We ask our non-US readers to indulge us as we celebrate America’s Independence Day. But first — the news:
As they traditionally do on this day, the Discoveroids have once again hijacked poor ol’ Thomas Jefferson. At their blog we find that this year’s intellectual body-snatching is conducted by David Klinghoffer. His historical-philosophical fiction is titled Try to Imagine Our Country’s Founding if the Founders Had Not Been Advocates of Intelligent Design.
Klinghoffer begins by doing something we often see done by creationists — he misquotes the Declaration. He tells us that these are “the opening words of the Declaration of Independence”:
We hold these truths to be self-evident, that all men are created equal, that they are endowed by their Creator with certain inalienable rights, that among these are life, liberty, and the pursuit of happiness.
Are those the Declaration’s “opening words”? The typical, uneducated, brain-dead follower of the Discoveroids may think so, but the rest of us know that Klinghoffer — like so many other creationists — conveniently leaves out the Declaration’s first sentence. You know, the one that says the American people were assuming “the separate and equal station to which the Laws of Nature and of Nature’s God” entitle them.
It was in Jefferson’s second sentence — the one Klinghoffer quotes — that he started referring to the “Creator” — the one he had just identified in the preceding sentence. But who or what is “Nature’s God”? Does it sound like Yahweh? No, it doesn’t, and that’s why creationist quote-miners always skip Jefferson’s first sentence.
Moving along in Klinghoffer’s charming little essay, we come to this:
The author of the Declaration, deist Thomas Jefferson, could only write as he did because he believed on the grounds of reason and science that human life really did reflect purpose and design.
Then he plucks something out of the extensive late-life correspondence between Jefferson and Adams in which they privately shared their thoughts on religion. Neither was conventionally religious. This is what Klinghoffer quotes — and in doing so he relies on the scholarship of Stephen Meyer who had quoted it earlier:
I hold (without appeal to revelation) that when we take a view of the Universe, in its parts general or particular, it is impossible for the human mind not to perceive and feel a conviction of design, consummate skill, and indefinite power in every atom of its composition.
Quote-mining alert!! You can see the entire letter here: Jefferson’s letter to John Adams, from Monticello, April 11, 1823 and we’ll quote from it, putting the Discoveroid material in blue and the omitted material in red:
On the contrary I hold (without appeal to revelation) that when we take a view of the Universe, in it’s parts general or particular, it is impossible for the human mind not to perceive and feel a conviction of design, consummate skill, and indefinite power in every atom of it’s composition.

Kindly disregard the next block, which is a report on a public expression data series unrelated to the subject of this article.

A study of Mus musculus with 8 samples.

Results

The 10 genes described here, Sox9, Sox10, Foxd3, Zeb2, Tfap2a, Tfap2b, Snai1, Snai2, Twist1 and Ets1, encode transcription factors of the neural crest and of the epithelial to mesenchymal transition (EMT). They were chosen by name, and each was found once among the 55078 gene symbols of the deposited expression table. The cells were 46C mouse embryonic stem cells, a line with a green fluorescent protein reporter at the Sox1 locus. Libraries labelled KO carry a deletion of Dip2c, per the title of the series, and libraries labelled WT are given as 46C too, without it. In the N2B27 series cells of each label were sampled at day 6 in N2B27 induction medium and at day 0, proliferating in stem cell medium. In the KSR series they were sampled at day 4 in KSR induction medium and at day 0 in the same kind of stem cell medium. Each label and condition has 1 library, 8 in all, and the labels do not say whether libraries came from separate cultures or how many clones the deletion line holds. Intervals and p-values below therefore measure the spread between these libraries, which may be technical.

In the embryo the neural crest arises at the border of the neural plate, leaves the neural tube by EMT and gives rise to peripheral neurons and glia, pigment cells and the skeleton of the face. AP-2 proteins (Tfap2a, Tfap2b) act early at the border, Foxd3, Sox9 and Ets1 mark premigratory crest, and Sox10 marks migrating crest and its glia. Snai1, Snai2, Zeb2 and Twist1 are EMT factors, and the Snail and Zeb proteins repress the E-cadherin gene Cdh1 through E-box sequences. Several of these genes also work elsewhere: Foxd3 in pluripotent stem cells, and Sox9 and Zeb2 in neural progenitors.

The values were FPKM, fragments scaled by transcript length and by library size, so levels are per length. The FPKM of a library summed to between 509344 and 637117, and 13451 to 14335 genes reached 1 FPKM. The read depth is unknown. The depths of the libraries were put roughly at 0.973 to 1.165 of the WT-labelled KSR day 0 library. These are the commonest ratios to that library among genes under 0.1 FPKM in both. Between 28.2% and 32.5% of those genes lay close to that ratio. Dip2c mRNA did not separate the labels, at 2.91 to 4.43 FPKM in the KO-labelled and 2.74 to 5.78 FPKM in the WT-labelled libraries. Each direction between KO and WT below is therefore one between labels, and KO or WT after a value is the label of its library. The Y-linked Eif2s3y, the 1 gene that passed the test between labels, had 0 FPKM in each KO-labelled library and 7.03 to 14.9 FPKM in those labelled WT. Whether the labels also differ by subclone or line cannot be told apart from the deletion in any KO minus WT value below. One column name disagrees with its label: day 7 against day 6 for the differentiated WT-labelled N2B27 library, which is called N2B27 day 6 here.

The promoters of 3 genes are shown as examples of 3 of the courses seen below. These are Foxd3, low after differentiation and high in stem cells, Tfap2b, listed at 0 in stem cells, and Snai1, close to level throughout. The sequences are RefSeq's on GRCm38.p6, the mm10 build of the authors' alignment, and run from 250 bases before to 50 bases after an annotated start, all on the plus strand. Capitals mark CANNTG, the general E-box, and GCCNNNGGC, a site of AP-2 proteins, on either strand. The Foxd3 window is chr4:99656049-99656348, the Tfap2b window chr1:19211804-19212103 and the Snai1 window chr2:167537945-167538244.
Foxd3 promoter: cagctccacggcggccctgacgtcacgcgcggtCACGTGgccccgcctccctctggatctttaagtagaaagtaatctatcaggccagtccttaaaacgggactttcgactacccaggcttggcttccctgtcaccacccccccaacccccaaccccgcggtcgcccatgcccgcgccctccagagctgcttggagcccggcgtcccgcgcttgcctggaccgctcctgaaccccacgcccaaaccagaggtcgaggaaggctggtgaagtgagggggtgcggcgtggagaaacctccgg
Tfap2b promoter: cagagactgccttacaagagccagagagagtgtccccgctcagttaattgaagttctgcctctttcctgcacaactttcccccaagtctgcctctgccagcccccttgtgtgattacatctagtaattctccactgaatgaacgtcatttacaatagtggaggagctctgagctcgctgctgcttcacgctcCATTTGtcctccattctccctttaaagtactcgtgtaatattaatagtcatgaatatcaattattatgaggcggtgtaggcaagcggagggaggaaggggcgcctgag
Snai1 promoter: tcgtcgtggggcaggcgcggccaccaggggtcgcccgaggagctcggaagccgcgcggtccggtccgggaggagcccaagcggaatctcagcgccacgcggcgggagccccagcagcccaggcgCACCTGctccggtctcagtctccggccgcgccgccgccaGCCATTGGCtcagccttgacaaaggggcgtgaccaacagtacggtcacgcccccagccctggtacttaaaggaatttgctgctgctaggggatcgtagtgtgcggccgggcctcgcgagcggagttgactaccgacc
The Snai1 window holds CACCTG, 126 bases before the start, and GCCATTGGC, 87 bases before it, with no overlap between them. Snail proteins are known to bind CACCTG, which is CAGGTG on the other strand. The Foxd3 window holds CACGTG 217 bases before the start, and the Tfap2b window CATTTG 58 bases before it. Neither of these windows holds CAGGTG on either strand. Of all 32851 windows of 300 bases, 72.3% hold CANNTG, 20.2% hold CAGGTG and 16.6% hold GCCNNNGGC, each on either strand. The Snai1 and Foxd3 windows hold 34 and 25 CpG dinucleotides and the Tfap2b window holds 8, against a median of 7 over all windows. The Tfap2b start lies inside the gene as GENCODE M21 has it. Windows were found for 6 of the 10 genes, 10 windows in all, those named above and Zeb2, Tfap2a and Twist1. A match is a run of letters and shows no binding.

We’ll leave it to you to make sense of Jefferson’s letter. It’s terribly rambling. With that “On the contrary” phrase he’s dismissing “Jewish and Christian revelation” — and we assume the Discoveroids don’t want you to be too aware of that. Jefferson is relying on the evidence as it was known by him in 1823, and on his powers of reason. Unlike the creationists and the Discoveroids today, he’s not dismissing any well-established scientific knowledge.
However, Jefferson was writing a generation before Darwin’s theory was published, so here and there it seems that he’s fumbling with Paley’s watchmaker analogy — as did Darwin in his youth. It is doubtful that Jefferson would make that mistake today. But even with the limited information available to him, Jefferson was definitely not a creationist — see Thomas Jefferson on Young-Earth Creationism.
Hey — the Discoveroids quoted something from that same Jefferson letter three years ago, and we wrote about it here: Discovery Institute’s False Fourth of July. As with all creationists, they keep recycling their old stuff.
The Discoveroids are somewhat different from other creationists, however, regarding their peculiar practice of appropriating the carcasses and reputations of dead people. Well, why not? Jefferson’s name is laden with prestige, for which the Discoveroids are desperate. Besides, the dead don’t protest when they’re being abused, so that kind of body-snatching is a safe, albeit disreputable tactic. Were we to play that game, we would claim that Alexander the Great agrees with your Curmudgeon, and would eagerly serve as a humble squad leader in our army.
Then Klinghoffer says:
The Western world, in so far as it has adopted the American model, is still living on the inheritance we received from the Founders with their belief, drawn from reason and from faith, in intelligent design.
BWAHAHAHAHAHA! The whole American Revolution was based on intelligent design! Okay, that’s enough from those guys.
As we’ve done before, we’ll give you a few links to some good Fourth of July reading: Here’s the Declaration of Independence, plus the Articles of Confederation, which was mostly drafted at the same time as the Declaration, but it wasn’t ratified until 1781. Hey, no collection would be complete without Common Sense by Thomas Paine.
Here’s the Constitution. Let’s not overlook President of the United States in Congress assembled, listing ten Presidents before George Washington.
Check out Primary Documents in American History (1763-1815). Loads of goodies there. You ought to be aware of this: Veto of federal public works bill by James Madison, because pork barrel spending is unconstitutional.
That’s enough. Enjoy the holiday, and feel free to use the comments as an Intellectual Free Fire Zone.